Is Raw Milk a Safe Bet?
By David Martin, President and CEO of VeinInnovations
As part of his duties as a professor of chemistry at the University of Lille, French scientist Louis Pasteur was tasked with using his knowledge to help solve practical problems encountered by local industries. When the father of a student asked for assistance in his efforts to ferment beetroot, Pasteur made a discovery wine and beer drinkers still celebrate. The father hoped the fermentation process would yield alcohol; often, his efforts left him with lactic acid. Through his investigation of the soured alcohol, Pasteur proved that yeast was responsible for the transformation of sugar into alcohol, and that contaminating microorganisms found in the air were to blame for sour fermentation. He identified the microorganisms responsible for normal fermentation, as well as the microorganisms to blame for abnormal fermentation. He recommended heating, and then cooling, the beer, wine, or milk to kill the contaminating microorganisms, thereby sterilizing the liquid. We know this process as pasteurization. For this discovery, as well as his work establishing germ theory and his work on vaccinations, he was a national hero in France and was given a state funeral upon his death.
Pasteurization is considered one of the most significant and effective food safety interventions by public health officials. The wide-spread implementation of milk pasteurization was not without controversy. In the early 1900s a physician wrote to the the New York Times, criticizing the “… urgent demand for the general pasteurization of milk” in some of their columns. In his letter to the editor, he claimed that he and other physicians “… prefer to run the risk of typhoid, scarlet fever, diphtheria, and tuberculosis rather than the evils that I believe would follow the systematic and prolonged use of pasteurized milk.” Still, objections like the physician’s aside, the practice became routine in the 1920s and widespread by 1950. The incidence of milk-borne illnesses became less common. Today, the Center for Disease Control claims that millions of lives have been saved by pasteurization.
Raw milk is described by its proponents with sensuous fervor. Yellow-tinged and creamy, with unexpected, delightful tanginess. The flavor changes seasonally as the cows transition from summer grasses to winter grains. In a September/October 2012 article published by the left-leaning political blog, Mother Jones, Mark McAfee, CEO of Fresno, California-based Organic Pastures touted merits beyond the taste of raw milk. McAfee claims that children who drink raw milk will be cured of allergies and ear infections. He argues that the majority of consumers will benefit from stronger immune systems, but admits that no standard of cleanliness can eliminate the possibility of contamination. The author, Kiera Butler, describes her year of drinking (and enjoying) raw milk before ultimately concluding that the risk isn’t worth the reward. In her article, Is Raw Milk Really Good For You?, Butler shares the story of Chris Martin, a seven-year old who became infected with E. coli after drinking raw milk purchased from Organic Pastures.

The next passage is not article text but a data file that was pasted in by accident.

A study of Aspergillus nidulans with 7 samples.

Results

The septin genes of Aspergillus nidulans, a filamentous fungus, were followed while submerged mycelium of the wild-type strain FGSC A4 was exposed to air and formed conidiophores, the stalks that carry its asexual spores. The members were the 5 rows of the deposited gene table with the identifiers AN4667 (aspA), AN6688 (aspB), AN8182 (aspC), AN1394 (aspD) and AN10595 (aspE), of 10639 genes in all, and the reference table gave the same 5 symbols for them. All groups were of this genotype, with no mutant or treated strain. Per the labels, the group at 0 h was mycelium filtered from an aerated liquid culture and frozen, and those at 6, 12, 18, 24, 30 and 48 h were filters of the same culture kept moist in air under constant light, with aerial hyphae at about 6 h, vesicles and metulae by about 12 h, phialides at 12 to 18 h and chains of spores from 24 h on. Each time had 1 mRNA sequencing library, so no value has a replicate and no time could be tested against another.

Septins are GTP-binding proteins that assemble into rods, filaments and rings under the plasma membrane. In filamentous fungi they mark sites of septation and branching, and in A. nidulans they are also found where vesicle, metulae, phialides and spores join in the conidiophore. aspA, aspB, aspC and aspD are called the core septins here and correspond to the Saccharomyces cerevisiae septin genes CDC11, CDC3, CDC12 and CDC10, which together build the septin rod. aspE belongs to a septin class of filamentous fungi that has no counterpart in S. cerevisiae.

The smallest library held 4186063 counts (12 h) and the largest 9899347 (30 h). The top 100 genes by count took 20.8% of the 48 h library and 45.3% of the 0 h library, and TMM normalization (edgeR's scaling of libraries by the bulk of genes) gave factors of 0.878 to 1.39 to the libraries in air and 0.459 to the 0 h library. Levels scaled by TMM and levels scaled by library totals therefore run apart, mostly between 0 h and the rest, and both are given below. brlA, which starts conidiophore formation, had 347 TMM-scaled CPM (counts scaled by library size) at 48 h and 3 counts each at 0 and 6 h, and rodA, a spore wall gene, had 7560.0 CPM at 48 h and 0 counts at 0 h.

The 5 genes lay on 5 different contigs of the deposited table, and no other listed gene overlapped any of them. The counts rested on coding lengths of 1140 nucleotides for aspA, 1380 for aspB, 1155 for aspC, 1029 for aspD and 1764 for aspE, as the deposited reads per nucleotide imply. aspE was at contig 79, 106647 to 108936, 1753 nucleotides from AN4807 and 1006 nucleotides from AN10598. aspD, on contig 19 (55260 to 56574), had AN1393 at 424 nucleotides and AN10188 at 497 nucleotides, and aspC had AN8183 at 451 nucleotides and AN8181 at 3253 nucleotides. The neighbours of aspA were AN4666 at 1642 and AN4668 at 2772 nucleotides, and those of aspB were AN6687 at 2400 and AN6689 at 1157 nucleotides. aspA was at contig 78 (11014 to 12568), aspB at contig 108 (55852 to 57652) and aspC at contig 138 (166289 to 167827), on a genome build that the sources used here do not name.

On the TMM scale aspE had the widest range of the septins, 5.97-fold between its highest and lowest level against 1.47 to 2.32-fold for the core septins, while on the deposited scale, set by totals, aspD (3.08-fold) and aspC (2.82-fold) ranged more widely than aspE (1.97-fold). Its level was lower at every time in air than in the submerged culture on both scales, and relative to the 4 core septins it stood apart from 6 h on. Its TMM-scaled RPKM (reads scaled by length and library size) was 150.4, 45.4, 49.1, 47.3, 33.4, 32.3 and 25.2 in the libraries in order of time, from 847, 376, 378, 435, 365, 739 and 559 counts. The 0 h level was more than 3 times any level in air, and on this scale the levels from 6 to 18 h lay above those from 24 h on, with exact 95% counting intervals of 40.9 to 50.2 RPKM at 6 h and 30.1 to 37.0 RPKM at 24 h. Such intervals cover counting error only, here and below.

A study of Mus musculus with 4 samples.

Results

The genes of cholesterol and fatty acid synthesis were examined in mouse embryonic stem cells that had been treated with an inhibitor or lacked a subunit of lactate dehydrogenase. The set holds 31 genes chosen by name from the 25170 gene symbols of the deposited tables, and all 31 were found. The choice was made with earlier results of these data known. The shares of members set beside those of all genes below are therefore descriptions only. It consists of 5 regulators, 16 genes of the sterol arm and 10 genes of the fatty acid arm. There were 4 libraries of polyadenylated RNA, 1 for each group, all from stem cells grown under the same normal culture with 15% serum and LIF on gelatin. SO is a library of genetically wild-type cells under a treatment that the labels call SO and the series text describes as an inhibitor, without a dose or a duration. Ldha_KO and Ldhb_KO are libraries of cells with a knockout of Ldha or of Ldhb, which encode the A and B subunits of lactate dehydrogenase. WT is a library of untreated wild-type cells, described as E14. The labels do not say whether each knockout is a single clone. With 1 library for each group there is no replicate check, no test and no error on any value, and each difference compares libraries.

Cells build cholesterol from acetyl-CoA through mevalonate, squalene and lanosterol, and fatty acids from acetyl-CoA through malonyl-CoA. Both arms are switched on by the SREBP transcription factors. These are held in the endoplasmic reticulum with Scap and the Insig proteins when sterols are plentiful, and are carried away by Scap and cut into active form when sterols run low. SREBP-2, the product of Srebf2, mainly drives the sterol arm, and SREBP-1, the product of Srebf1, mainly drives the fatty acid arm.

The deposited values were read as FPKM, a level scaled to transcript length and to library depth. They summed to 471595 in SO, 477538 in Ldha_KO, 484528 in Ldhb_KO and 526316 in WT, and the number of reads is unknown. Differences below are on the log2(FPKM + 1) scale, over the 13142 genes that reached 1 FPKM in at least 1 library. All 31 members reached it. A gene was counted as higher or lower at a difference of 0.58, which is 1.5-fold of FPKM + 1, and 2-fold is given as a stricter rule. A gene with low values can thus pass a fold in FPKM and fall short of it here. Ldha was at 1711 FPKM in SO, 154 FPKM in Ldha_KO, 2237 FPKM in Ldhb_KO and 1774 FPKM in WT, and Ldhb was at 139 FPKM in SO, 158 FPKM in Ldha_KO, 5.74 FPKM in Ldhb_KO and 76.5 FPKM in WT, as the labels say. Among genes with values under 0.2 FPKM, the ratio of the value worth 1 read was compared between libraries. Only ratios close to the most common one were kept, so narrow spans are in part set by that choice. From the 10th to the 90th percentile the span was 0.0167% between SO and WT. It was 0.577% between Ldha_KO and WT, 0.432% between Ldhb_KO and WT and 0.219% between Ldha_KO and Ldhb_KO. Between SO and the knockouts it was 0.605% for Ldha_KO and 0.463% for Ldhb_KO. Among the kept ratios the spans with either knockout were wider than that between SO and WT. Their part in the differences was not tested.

Back in 2006, pasteurized milk was making seven-year-old Chris congested, so his mom, Mary McGonigle-Martin, began buying raw milk from Organic Pastures—which is rigorously inspected and which, at that time, had no reported outbreaks. A few weeks later, Chris picked up E. coli from a tainted batch, a state investigation concluded. His kidneys failed, landing him in the hospital for two months. Now 13, he is off dialysis, but doctors aren’t sure whether Chris’ kidneys will hold out. “It was the shock of a lifetime,” his mother told me. “If not for modern medicine, he would have died.” (The family filed a legal claim against the company, which disputed the source of the bacteria but settled the case out of court.)
Organic Pastures, some might argue, is too large and too similar to a common industrial dairy system to be trusted. The danger lies with their process and not in the raw product they provide. If you find better sources, such as small, local, and sustainable farms, the danger will be lessened. Unfortunately, that isn’t the case. McAfee’s positive claims about raw milk are unsupported by current scientific study, but he spoke true when he said there was no process clean enough to guarantee raw milk will always be safe. According to the CDC, “Germs such as Escherichia coli O157 [E. coli], Campylobacter, and Salmonella can contaminate milk during the process of milking dairy animals, including cows and goats. Animals that carry these germs are usually healthy.”
In Georgia, it is illegal to sell raw milk. (There are several distributors of raw goat milk – for pet food – under license.) In other states where the retail sale of raw milk is illegal, a commonly-used loophole is to sell raw milk as pet food. Once it’s purchased, it’s up to the consumer to decide how it’s used. Consumers may even decide to pasteurize their raw milk at home, and enjoy non-homogenized milk.
Home pasteurization may be the happy medium families and individuals seeking more natural milk products settle on. Homogenization, not pasteurization, is the process that creates such a difference between raw milk and its grocery-store counterpart. Homogenization is a mechanical process that breaks up fat globules to such a small size that they stay suspended evenly in milk. The end result is a homogeneous liquid with a longer shelf life. Milk pasteurized at home (and not homogenized) will still have the layer of cream on top seen in raw, unpasteurized milk. The real difference between raw and pasteurized milk will be in the safety of the two products.